Just before the Board of Trustees signed off on a new degree program for Duke Kunshan University in China, a group of students returned from a week-long conference on global higher education in Beijing.

A team of eight Duke undergraduates joined a group of Chinese students from the Graduate School of Education in Peking University to participate in the conference on comparative higher education May 3-10. The event marked the culmination of a class on higher education taught by sociology professor Bai Gao in Spring 2012, and provided an opportunity for Duke to expand its presence in China.

“We learned that China is a very different animal in terms of the rules—it will be a real challenge to get a foothold in China,” senior Paul Horak, student leader of the trip and editor-in-chief of Duke East Asia Nexus Journal, said. “Duke needs to work hard to forge partnerships with the elite universities in China.”

The Duke students met with Chinese journalists, professors and visiting scholars from China’s elite universities. The trip was sponsored by the Office of the President and the Office of the Provost, with local costs covered by the GSE in Peking University.

Provost Peter Lange noted that the trip offered a way of establishing Duke’s presence in China and showcasing the knowledge Duke students have about China.

During the conference, the American and the Chinese teams examined their own countries’ challenges in higher education separately and then discussed global higher education together. The Duke team researched topics including college ranking, interdisciplinary studies, entrepreneurship and student debt. The Chinese students focused on future economic growth and the role of technology and social stratification in higher education.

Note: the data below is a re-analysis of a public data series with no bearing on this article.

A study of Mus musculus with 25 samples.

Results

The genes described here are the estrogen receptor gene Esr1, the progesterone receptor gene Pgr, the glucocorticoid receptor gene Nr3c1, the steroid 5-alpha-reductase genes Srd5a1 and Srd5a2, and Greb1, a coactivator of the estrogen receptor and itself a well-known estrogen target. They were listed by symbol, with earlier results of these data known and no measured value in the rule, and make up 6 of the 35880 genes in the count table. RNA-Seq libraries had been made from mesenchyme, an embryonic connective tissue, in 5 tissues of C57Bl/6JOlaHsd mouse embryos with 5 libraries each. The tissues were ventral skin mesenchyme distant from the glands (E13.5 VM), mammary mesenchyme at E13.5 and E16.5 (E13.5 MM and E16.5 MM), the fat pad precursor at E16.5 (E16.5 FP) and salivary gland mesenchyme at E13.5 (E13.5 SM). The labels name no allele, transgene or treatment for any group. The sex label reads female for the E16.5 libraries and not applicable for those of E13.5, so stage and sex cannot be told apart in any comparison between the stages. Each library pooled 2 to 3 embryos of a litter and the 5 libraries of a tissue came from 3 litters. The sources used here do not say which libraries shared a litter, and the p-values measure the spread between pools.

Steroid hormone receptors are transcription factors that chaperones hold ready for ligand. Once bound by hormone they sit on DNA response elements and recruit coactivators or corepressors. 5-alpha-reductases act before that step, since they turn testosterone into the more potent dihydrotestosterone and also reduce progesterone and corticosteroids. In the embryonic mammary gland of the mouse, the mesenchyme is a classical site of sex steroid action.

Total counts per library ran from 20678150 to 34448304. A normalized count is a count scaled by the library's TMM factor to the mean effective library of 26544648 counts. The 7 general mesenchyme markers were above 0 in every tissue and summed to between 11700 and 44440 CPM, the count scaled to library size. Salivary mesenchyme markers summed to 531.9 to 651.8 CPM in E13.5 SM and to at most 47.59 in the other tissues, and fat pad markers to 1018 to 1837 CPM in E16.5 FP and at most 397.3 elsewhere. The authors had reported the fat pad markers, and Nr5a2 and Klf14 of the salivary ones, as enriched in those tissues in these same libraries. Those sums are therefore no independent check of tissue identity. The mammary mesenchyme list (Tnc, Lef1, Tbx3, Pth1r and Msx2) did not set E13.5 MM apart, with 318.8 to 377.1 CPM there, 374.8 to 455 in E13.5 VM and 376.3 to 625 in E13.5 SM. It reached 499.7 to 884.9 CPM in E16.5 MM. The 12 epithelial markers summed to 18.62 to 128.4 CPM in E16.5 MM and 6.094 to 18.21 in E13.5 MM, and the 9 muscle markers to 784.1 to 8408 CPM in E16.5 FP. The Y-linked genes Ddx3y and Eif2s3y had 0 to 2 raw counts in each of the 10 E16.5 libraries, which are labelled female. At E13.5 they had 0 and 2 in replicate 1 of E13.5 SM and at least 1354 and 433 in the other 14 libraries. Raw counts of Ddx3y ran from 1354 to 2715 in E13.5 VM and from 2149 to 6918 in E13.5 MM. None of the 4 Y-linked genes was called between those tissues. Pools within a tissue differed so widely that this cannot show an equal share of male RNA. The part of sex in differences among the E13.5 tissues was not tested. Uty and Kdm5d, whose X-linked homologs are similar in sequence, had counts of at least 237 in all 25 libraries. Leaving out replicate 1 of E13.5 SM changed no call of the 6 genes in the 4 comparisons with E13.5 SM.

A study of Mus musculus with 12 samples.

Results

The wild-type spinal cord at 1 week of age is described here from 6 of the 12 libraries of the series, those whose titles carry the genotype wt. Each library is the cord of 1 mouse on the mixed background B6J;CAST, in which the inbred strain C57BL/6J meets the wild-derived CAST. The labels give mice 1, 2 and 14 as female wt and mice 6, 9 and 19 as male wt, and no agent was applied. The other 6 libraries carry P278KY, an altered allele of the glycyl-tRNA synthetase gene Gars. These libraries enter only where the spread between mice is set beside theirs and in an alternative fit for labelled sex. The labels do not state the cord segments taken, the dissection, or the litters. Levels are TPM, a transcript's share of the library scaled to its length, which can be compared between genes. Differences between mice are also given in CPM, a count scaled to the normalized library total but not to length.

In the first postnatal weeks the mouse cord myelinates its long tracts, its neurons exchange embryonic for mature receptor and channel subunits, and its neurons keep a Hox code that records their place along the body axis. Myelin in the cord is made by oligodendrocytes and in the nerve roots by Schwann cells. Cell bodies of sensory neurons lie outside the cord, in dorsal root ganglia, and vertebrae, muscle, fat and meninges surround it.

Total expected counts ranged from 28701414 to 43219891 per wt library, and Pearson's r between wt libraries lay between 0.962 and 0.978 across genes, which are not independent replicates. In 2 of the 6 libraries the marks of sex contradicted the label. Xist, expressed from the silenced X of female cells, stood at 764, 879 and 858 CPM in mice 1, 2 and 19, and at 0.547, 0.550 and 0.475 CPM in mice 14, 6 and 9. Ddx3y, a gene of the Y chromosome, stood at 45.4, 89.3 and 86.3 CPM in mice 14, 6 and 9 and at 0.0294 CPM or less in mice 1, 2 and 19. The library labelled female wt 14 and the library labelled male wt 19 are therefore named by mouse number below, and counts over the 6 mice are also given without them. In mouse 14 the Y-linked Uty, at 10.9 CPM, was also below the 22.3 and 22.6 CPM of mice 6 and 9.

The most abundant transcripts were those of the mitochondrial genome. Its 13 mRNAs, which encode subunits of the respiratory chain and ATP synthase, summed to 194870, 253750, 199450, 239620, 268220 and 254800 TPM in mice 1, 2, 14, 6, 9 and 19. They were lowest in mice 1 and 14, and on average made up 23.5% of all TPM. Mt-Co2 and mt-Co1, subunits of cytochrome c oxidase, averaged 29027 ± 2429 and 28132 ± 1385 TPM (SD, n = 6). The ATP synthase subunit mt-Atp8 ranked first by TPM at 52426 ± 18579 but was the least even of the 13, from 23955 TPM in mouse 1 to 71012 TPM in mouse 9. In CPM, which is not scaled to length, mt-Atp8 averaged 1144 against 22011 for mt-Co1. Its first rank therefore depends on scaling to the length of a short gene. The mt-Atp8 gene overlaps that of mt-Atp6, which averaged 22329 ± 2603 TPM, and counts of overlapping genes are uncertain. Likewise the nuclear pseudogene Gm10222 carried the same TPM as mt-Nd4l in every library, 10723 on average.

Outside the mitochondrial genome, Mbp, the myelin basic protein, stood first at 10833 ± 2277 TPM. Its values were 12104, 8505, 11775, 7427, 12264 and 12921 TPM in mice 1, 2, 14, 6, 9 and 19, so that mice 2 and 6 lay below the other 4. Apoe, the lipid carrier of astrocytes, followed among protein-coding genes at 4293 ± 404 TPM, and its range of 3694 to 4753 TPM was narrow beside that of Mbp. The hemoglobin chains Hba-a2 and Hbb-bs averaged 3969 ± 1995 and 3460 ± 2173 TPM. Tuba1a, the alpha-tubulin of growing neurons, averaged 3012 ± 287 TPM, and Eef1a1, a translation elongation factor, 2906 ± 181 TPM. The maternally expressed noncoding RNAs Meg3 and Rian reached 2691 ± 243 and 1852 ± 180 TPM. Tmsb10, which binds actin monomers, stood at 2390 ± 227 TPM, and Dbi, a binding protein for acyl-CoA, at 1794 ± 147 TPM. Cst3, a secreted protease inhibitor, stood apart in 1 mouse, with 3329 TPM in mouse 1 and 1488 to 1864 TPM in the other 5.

Participant Michael Habashi, a senior, noted the Chinese government’s overall push to develop internationally prestigious universities.

“We learned the impact of a culture and a government that is so focused on improving their education to become a world class university,” Habashi said. “How can Beijing become Harvard?”

Each year, the Chinese government sponsors Chinese students to study overseas and more than a third choose to come to the United States, Gao said. This trip helped the Chinese students better understand the American higher education system.

“In contrast to the narrow, specific and dogmatic teachings of China, America is particularly good at thinking outside of the box,” Horak said. “There is a strong push in China to have Chinese people educated outside of China. They want the international experience.”

Habashi noted the tremendous stress placed upon Chinese students because of the Gaokao, the Chinese college entrance exam.

“In America, we have the freedom to pursue any university and major,” Habashi said. “However, [China’s] education system is dependent upon [the students’ performance] during their senior year. [The Gaokao] affects everything.”

Whereas the Gaokao offers a uniform college entrance experience to all takers, Gao noted that China’s attempts to adapt American college admission processes have brought to light Chinese regional inequalities.

“The [American-style] emphasis placed on [extra-curricular activities] and in-person college interviews rather than test scores puts students from the rural areas at a great disadvantage,” Gao said.

This year’s event may represent the start of an annual conference, Gao added. The Academy for World Watch, a non-profit research institute for social sciences based in Shanghai, has offered to co-sponsor future conferences with Duke. Duke may offer a Fall class on the topic followed by a more intense seminar for qualified candidates in the following semester.